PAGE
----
Yesterday, Friday (when we went from Thailand to Cambodia), was my 4-week anniversary of arriving in Asia, and, consequently, beginning my travels. Since arriving in Hong Kong on January 16th, I have been in six countries – China/Hong Kong, Indonesia, Singapore, Malaysia, Thailand, and Cambodia – taken three flights, gone on three train rides over 12 hours each, taken three bus trips over 4 hours each, stayed in 11 different places (hostels/hotels/etc), been to 12 cities, and eaten a ton of amazing, amazing food of all sorts. In the next week, I will go on two 5-hour bus rides, two plane rides, and be in 3 countries, one for less than 24 hours. I have to say that this has been one of the most exhausting trips ever, thus far, but it should (thankfully) slow down a lot once we get to India. I still have my perpetual cold that I acquired in Bali, though it is much better now, but I seem to have shared it with Michal, and we are not sleeping enough or letting our bodies recuperate enough in order to ever fully recover.
Before I get to the rest of Thailand, and now Cambodia, I want to do a quick hostel/hotel and restaurant review/recommendation, in the event that it might be of use to future fellow travelers.
Honeymoon Guesthouse – hotel/guesthouse: As a young woman traveling alone, I loved this place. Sure, there are a few more families and older couples than you might like ordinarily, but they actually reassured me, and I befriended quite a few people there, including the most adorable couple – he was British, she was French – and their little daughter, Ella. I also met several other women around my age staying there on their own who loved it. The rooms are nice and clean and well-appointed, and the whole place has a good ambiance and is quite beautiful. Plus, as it’s owned by the Australian woman and her husband who run Casa Luna and Indus restaurants, you get breakfast freshly made from the Casa Luna kitchen every morning, which I think totally makes up for the slightly higher price you pay. Plus, the security and reputability is nice when you’re alone, so I was willing to spend a little more. The first few nights I stayed at the “Second” Honeymoon Guesthouse, their newer property, just across the street, which is equally lovely.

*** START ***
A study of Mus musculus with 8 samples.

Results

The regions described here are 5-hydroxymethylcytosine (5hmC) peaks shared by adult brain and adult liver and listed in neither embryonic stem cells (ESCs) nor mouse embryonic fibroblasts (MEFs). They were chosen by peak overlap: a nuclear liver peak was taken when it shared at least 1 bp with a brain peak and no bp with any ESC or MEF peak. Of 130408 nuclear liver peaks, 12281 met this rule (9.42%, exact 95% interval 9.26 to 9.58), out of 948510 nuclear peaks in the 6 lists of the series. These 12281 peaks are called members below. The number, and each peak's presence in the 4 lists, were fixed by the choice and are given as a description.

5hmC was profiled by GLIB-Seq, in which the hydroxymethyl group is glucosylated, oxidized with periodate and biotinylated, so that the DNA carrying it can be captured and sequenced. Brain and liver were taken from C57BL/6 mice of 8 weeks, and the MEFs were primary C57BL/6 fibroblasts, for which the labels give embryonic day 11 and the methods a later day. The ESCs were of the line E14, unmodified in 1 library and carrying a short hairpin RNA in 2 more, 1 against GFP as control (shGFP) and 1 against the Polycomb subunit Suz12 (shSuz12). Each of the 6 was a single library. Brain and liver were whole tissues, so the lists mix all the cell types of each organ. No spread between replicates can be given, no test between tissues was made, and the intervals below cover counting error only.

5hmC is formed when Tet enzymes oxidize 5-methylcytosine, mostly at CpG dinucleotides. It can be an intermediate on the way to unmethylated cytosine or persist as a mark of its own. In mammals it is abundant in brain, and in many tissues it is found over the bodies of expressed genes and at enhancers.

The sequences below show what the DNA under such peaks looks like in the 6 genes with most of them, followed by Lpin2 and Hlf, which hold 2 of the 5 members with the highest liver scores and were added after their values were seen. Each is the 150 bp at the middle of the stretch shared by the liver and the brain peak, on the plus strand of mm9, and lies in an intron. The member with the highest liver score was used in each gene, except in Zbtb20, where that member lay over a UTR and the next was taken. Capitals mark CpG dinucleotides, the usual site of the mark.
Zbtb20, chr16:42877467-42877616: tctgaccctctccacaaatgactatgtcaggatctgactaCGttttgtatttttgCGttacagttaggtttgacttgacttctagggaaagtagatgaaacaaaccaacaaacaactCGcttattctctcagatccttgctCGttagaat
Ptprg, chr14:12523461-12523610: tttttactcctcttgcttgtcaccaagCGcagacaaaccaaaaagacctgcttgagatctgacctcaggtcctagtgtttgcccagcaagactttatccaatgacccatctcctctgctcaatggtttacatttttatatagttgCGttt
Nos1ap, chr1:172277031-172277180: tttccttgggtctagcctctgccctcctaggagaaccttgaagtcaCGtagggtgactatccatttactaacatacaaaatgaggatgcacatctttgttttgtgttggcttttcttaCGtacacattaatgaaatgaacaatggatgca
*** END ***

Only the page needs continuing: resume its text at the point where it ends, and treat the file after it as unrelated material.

Casa Luna – restaurant/cafe – You heard me mention it while I was there, but I love this place. Excellent food (Balinese, Western, and everything in between. And be sure to check out the pastries!), great location, really sweet staff (who came to know my friends and me quite well), lovely ambiance (there’s a nice view if you sit in the back), and did I mention the free wifi?
Sari Organic – restaurant – This amazing organic restaurant is situated on the owners’ organic farm, out in the rice patties just outside of town. Definitely worth the lovely walk – be sure to take your camera – and the open air restaurant (don’t worry, it’s covered for when it rains mid-afternoon) is worth it almost for the views alone. The food is equally impressive, however, with a full selection of raw, Balinese, and various Western ethnic dishes. Not to mention the miracle-working health drinks.
The Kafe – restaurant/cafe – Affiliated with my yoga place there (BaliSpirit/The Yoga Barn), this cafe seems to be the place to see and be seen in the expat community in Ubud. I didn’t personally make friends there, but know plenty of people who did, and you perpetually run into people there. My friend Petra swore off going there because she spent so long making the rounds that she never got to sit down. The food is good and inventive – mostly vegetarian and a good cultural fusion, though some Western staples are also available – and they have free wifi most of the time (not available between noon and 3 pm). I highly recommend the quiche and salad if they have it when you’re there – it was a Sunday special.
Rambutan Hotel – hotel – Lovely little resort hotel, but much more family-oriented than I anticipated. Definitely a place to go if you have kids with you. I liked it because it was clean and safe and they were really sweet, even if it was a bit lonely.
Kwizien – restaurant – This restaurant was probably the highlight of my short stay in Lovina. I spent several lovely hours sitting on their outdoor patio, reading Love In the Time of Cholera, enjoying my fresh Greek salad and perfectly grilled tuna and several excellent lattes, and not once did they harass me about leaving in favor of one of the larger parties of patrons. They are owned by the same people who own the lovely Cafe des Artistes in Ubud, which I also recommend, though I only went there for drinks.
The Watering Hole Homestay/Guesthouse – guesthouse – I can’t say how happy I was to find this place in Sanur. At first I was a little worried because it was a little drab, but it was clean and the people were so incredibly sweet and welcoming. I ended up getting a non-A/C room because the view was better, and the room itself was cuter. Had dinner there as well, which was good Balinese food, and one of the few options on the north end of town.
Debbi’s uncle is taking us to dinner now, so I’ll continue later.